In 2006, Ben Sisario interviewed Tom Waits about his frequent, necessary lawsuits against corporations that use a Tom Waits android to sell products, after these same corporations approach the real Tom Waits and are turned down.
Here’s the brief New York Times article that ran
Tom Waits (right), who has successfully sued in the past over the use of impersonations of his voice and musical style, is now taking on Opel, a European subsidiary of General Motors, in response to a new ad. ”I have a longstanding policy against my voice or music being used in commercials,” Mr. Waits said in a statement this week, ”and I have lawyers over there investigating my options.” Mr. Waits has sued Audi over imitations of his voice in commercials, and in 1993 he won a $2.5-million suit against Frito-Lay for a Doritos ad. In a statement, Opel responded, ”We actually are surprised about the fact that Tom Waits considers the music that goes with the current TV commercial ‘Lullaby’ for a range of Opel cars as a potential misuse of his voice and style of singing.” Opel said that the underlying music was by Brahms, that it had not approached Mr. Waits and that the only celebrity singer it had considered was Steven Tyler of Aerosmith. ”But before even starting any negotiations, a Frankfurt-based singer was found who delivered an excellent rough voice interpretation for the ‘Wiegenlied’ theme in English,” the company added, referring to the Brahms ”Lullaby.” Mr. Waits said: ”If I stole an Opel, Lancia or Audi, put my name on it and resold it, I’d go to jail. But over there they ask, you say no, and they hire impersonators.’
[Click to continue reading Arts, Briefly; Tom Waits Objects to Another TV Ad – New York Times]
Ben S:It must be extremely time-consuming and expensive to pursue these cases. Why is it so important to you to do this?
I ask myself that sometimes. Because there are things I would rather be doing. It does take a tremendous amount of time, energy and money. But in a way you’re building a road that other people will drive on. I have a moral right to my voice now. It’s like property. There’s a fence around it, in a way. In Spain now there’s such a thing as moral rights. So that’s a good thing.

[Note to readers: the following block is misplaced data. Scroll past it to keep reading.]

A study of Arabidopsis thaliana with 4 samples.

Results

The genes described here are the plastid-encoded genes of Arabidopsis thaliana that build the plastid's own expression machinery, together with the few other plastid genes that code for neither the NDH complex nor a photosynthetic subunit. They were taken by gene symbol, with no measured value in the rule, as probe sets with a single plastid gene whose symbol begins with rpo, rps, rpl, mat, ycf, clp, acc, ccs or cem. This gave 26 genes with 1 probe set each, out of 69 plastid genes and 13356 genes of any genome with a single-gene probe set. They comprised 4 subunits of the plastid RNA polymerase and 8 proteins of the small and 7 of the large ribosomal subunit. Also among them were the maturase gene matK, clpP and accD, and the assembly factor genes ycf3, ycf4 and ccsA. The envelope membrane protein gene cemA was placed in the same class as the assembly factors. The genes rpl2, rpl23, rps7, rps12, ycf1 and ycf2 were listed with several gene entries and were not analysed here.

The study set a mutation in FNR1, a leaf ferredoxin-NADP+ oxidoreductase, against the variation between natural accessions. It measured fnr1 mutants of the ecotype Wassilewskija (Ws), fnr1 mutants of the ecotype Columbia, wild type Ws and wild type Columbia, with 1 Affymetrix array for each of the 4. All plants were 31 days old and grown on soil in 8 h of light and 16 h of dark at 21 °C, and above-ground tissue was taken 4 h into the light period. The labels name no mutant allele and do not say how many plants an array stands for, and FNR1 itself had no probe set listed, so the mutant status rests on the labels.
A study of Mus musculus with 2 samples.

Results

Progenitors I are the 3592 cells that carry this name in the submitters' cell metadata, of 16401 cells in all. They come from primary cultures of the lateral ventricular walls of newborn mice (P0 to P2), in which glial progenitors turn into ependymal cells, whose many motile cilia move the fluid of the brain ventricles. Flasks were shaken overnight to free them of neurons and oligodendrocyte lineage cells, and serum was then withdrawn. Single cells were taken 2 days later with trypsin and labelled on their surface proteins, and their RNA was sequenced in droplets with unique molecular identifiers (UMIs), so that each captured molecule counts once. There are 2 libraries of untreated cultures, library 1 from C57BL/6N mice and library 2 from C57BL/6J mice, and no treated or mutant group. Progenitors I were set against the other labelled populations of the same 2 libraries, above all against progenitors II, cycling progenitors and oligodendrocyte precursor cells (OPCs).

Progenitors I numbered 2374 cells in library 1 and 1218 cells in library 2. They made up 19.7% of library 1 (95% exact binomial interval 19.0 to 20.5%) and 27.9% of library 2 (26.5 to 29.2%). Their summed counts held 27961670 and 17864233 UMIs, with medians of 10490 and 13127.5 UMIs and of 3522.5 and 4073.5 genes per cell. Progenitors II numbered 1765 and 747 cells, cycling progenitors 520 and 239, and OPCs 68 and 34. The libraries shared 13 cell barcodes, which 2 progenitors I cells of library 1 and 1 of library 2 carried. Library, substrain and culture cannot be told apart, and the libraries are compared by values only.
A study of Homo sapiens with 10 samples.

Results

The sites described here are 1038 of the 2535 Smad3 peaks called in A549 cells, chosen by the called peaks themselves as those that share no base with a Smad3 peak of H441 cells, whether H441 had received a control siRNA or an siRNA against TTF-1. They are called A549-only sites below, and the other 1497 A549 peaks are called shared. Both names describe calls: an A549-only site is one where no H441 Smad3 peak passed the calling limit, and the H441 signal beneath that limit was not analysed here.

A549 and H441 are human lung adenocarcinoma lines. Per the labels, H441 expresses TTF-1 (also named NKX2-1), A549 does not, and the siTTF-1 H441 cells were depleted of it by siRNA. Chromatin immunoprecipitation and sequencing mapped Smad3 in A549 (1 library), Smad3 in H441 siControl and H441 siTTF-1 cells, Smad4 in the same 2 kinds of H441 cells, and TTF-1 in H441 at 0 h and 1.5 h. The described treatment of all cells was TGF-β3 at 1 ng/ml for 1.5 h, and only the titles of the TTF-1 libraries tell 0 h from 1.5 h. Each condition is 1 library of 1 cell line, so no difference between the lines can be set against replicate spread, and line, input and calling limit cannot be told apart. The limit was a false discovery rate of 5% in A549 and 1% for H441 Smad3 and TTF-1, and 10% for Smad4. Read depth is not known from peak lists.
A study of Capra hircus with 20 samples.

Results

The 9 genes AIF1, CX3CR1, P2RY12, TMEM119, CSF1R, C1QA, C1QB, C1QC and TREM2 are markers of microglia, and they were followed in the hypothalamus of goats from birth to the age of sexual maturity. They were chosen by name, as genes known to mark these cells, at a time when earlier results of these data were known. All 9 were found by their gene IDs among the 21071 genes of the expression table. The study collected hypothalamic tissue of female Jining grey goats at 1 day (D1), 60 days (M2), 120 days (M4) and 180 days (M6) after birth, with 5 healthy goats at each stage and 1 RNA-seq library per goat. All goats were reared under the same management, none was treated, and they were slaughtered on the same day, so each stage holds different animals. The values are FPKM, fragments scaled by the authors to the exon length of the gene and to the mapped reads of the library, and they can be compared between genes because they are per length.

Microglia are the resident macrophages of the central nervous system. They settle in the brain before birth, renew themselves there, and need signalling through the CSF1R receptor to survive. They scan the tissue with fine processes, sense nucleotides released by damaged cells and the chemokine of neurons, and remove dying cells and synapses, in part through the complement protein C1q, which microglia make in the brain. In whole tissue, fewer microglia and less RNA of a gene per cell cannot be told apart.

In both these cases — the Scandinavian/German Opel thing and the Spain Audi deal — they called me first to ask me if I would do the commercial. Then, when I politely declined, they turned around and hired an impersonator. So they’re really left hanging out there in the wind legally, since I had documentation that they asked me; it only strengthened my case. But there’s plenty of other situations where they just out-and-out do it. There’s a whole sound-alike industry, and it has to eat too. Like flies at a picnic, you know. “Enjoy your lunch, but we live here too.”
and corporations are used to getting their own way too often:
Ben S: Does it offend you more that somebody is copying you, or that they’re doing it to sell a product?
I don’t mind if someone wants to try to sound like me to do a show. I get a kick out that. They got these bands over there in Europe that do my songs, have a singer with a really deep voice. It’s my own little raggedy version of Beatlemania. [Laughs.] These little bar bands that try to sound like me.
But the product stuff, it bugs the hell out of me. The idea is to make it so commonplace that you barely notice that the whole world is being dominated and controlled by big business. I didn’t get into this to write jingles. I’m trying to have some effect on the culture, and my own growth and development.
I make a distinction between people who are using voice as a creative item and people who are selling cigarettes and underwear. It’s a big difference. We all know the difference, and it’s stealing. They get a lot of out standing next to me and I just get big legal bills. It’s like someone coming into your house and stealing something. It slowly erodes my own credibility. So that’s a pain.
Most of these companies operate more like countries than companies. They’re so large. And the way they behave is kind of like the might and the right of a country, the way they roll over you. They don’t think anything of taking something that they want, because they’re going to get a parking ticket. And it doesn’t even ever reach the brain of the company. The news of this is just like gum on the bottom of their shoe.
When it comes to the face that most of them want to put on for the public, they don’t want to wear corporate feathers. They masquerade more like one of us. So that’s why want to wear your music. It’s the first thing that gets your attention: “Hey, I know that song.” Now they’ve got ya — that’s the foot in the door.
[Click to continue reading Ben Sisario – Conversation with Tom Waits]
Tom Waits should be appointed the Czar of Culture…
Oh, here’s the Opel ad referred to, with the faux Tom Waits soundtrack
The case ended with Opel/GM/McCann Erickson settling for an undisclosed sum.